A UN security team has come under fire in Syria while doing reconnaissance for inspectors to visit sites of a suspected chemical weapons attack, and officials said it was no longer clear when the inspectors would be able to go in.
The inspectors from the Organisation for the Prohibition of Chemical Weapons are in Syria to investigate an April 7 incident in which Western countries and rescue workers say scores of civilians were gassed to death by government forces.
OPCW Director-General Ahmet Uzumcu said the United Nations Department of Safety and Security (UNDSS) had decided to carry out reconnaissance at two sites in the town of Douma before the inspectors would visit them.
“On arrival at site one, a large crowd gathered and the advice provided by the UNDSS was that the reconnaissance team should withdraw,” he told a meeting at the watchdog’s headquarters in remarks it later released.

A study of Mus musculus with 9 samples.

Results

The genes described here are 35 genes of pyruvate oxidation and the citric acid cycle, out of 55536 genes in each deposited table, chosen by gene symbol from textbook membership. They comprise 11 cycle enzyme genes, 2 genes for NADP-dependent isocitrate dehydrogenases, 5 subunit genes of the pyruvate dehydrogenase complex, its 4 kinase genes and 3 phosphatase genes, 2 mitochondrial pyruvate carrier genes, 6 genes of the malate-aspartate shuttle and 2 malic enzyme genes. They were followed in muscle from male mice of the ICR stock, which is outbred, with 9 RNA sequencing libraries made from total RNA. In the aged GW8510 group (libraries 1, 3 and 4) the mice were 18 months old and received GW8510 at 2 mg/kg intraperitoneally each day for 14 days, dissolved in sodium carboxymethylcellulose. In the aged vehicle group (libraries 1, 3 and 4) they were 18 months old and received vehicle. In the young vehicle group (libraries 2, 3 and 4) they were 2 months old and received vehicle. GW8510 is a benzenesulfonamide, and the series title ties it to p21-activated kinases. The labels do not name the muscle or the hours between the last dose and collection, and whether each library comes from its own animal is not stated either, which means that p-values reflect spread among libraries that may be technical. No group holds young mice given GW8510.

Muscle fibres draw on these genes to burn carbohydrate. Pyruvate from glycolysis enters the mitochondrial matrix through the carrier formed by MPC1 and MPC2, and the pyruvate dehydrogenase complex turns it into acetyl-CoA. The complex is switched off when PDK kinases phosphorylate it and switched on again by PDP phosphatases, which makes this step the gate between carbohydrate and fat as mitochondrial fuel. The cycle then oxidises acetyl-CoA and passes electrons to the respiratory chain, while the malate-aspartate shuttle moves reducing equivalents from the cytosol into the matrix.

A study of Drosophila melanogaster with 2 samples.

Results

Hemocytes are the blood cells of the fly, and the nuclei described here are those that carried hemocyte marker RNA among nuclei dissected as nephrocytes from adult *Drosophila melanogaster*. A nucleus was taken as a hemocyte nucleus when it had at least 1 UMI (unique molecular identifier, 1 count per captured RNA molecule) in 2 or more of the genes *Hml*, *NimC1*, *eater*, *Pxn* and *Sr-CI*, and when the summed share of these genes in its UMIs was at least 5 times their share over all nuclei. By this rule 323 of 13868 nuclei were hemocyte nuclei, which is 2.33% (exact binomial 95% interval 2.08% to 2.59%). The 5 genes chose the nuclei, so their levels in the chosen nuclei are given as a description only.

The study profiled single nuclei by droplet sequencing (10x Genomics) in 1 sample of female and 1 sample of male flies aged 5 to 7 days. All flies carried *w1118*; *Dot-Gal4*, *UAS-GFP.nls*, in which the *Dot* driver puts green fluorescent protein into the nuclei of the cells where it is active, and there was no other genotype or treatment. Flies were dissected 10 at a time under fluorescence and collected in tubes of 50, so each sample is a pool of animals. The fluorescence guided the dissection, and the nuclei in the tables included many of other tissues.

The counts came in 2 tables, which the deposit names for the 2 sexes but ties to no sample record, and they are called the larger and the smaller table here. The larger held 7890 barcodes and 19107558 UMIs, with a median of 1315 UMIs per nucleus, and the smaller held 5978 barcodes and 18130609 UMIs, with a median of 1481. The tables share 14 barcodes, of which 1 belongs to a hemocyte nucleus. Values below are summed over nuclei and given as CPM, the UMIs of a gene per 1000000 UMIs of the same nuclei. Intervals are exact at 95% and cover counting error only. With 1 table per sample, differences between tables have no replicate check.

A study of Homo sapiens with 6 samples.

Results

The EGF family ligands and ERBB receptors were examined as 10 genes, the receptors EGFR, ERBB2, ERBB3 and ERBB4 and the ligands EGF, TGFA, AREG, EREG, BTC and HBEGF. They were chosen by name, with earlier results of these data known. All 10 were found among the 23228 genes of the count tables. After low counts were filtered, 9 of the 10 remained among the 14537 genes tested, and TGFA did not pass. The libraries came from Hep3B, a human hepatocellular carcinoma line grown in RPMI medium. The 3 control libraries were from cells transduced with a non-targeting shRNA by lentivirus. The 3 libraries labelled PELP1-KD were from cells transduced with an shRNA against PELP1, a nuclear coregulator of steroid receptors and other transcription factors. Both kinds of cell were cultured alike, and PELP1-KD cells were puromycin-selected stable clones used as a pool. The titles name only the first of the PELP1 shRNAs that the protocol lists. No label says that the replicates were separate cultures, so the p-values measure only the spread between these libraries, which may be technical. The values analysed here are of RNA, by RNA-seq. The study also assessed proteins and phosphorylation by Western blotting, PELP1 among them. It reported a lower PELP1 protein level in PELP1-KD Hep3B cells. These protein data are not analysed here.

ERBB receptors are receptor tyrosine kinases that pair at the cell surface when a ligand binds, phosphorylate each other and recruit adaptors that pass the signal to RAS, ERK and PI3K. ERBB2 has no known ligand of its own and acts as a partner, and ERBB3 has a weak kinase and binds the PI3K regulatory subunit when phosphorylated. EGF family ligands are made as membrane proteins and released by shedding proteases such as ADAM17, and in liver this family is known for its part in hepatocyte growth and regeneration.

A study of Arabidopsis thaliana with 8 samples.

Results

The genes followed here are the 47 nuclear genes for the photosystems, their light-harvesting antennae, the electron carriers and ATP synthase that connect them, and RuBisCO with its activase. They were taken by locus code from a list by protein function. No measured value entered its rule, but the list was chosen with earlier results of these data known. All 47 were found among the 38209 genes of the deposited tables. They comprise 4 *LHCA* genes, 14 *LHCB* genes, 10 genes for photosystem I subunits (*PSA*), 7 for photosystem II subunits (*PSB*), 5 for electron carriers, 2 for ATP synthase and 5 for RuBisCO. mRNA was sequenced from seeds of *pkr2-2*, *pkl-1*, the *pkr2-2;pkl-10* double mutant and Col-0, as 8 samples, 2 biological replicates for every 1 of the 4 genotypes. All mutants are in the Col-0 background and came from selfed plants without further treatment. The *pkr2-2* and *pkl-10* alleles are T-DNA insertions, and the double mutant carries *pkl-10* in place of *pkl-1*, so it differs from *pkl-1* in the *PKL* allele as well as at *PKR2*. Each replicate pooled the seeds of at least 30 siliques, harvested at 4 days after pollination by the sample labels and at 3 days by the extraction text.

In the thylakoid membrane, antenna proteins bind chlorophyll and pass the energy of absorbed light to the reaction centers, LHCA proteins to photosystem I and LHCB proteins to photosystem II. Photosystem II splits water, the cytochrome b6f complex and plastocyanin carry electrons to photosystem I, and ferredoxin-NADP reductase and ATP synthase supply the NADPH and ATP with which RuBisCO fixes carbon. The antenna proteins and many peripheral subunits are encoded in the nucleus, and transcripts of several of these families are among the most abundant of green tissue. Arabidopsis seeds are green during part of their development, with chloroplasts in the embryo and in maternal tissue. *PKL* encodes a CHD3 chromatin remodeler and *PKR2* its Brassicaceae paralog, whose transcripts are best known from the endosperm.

“At site two, the team came under small arms fire and an explosive was detonated. The reconnaissance team returned to Damascus.”
US Defence Secretary Jim Mattis blamed the Syrian government for delays in inspectors reaching the sites and said it has a history of trying to “clean up the evidence before the investigation team gets in.”
“We are very much aware of the delay that the regime imposed on that delegation but we are also very much aware of how they have operated in the past and seal what they have done using chemical weapons,” Mr Mattis said before the start of a meeting with his counterpart from Qatar.
The United States, Britain and France fired missiles at Syrian targets on Saturday in retaliation for the suspected chemical use.
They say the arrival of the inspectors is being held up by Syrian authorities who now control the area, and that evidence of the chemical attack may be being destroyed.
Damascus and its ally Moscow deny that any gas attack took place, that they are holding up the inspections or that they have tampered with evidence at the site.
Britain’s ambassador to the OPCW Peter Wilson said it was now unclear when the inspectors would be able to reach it.
The rebel group based in Douma announced its surrender hours after the suspected chemical attack, and the last rebels left a week later, hours after the Western retaliation strikes.